The PGA and LPGA tours are teaming with a global professional services firm to initiate a first-of-its-kind contest, a season-long risk-reward competition that will pay a $1 million bonus to the men’s and women’s winners.
At every stop on both tours next season, a high-risk, high-reward hole will be designated — be it a drivable par 4, a par 5 that offers the potential to reach the green or a par 3 with a tricky green complex or water galore. The details of the competition, which will be sponsored by Aon, have yet to be completed, but a running tally of the players’ scores on the designated holes will be kept and the standings will be updated weekly and publicized on each tour’s various media platforms, including CBS for the men, and Golf Channel for the women.
The equal payout for the men and women earned the attention of the LPGA Tour members, whose financial compensation in the competitive and corporate spheres lag far behind their PGA Tour brethren.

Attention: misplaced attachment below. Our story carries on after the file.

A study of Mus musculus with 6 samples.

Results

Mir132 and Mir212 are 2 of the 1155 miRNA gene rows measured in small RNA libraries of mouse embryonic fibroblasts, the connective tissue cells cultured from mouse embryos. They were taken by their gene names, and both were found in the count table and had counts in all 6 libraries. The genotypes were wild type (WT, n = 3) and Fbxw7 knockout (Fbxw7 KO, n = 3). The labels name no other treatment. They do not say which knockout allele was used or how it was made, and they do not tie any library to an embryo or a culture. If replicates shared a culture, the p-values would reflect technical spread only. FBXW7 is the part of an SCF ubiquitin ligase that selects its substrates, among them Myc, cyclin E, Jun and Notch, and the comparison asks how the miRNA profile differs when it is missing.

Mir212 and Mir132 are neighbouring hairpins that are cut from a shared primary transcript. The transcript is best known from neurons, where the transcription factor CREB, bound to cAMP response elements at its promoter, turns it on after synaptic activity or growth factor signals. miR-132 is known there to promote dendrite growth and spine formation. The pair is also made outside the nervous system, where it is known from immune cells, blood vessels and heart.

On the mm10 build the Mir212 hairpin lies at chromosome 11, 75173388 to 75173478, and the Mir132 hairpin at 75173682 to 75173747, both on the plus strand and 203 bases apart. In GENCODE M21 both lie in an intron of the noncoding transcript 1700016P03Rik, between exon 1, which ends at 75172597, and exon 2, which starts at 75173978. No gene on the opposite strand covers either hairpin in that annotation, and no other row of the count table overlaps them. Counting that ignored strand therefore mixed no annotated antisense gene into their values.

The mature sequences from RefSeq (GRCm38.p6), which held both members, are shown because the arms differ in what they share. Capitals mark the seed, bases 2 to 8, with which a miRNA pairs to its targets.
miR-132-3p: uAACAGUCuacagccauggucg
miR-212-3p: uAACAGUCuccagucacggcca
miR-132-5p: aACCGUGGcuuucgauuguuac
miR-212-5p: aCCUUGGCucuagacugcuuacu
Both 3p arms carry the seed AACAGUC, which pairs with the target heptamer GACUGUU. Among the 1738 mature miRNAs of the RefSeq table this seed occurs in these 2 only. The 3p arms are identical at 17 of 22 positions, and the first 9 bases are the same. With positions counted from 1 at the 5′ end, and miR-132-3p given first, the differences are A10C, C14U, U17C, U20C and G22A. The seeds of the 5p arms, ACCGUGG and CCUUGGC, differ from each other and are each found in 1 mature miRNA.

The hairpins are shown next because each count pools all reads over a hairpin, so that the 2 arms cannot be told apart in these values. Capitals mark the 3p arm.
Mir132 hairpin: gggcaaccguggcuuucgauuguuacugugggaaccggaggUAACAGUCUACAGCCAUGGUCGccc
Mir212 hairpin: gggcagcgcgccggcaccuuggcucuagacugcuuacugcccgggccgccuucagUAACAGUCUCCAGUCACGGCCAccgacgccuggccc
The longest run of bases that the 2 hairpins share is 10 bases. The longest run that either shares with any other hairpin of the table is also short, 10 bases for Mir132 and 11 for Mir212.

“It’s super cool, just because of the equal pay,” said Brittany Lincicome, a two-time major winner whose prodigious length off the tee feeds into her attacking style. “Normally the guys get way more money than we do, so this is a step in the right direction.”
The discrepancy in the men’s and women’s pay was obvious in Sunday’s results: The PGA Tour’s Greenbrier Classic had a total purse of $7.3 million, with $1.31 million awarded to the winner, Kevin Na; the Thornberry Creek LPGA Classic had a total purse of $2 million, with $300,000 awarded to the champion, Kim Sei-young.
“Obviously their main goal is winning the tournament, and that won’t change,” said Jon Podany, LPGA’s chief marketing officer, “but when you’ve got a million-dollar prize, I would think the players will be concentrating on their performance on that hole each week and I think the players will be excited about it.”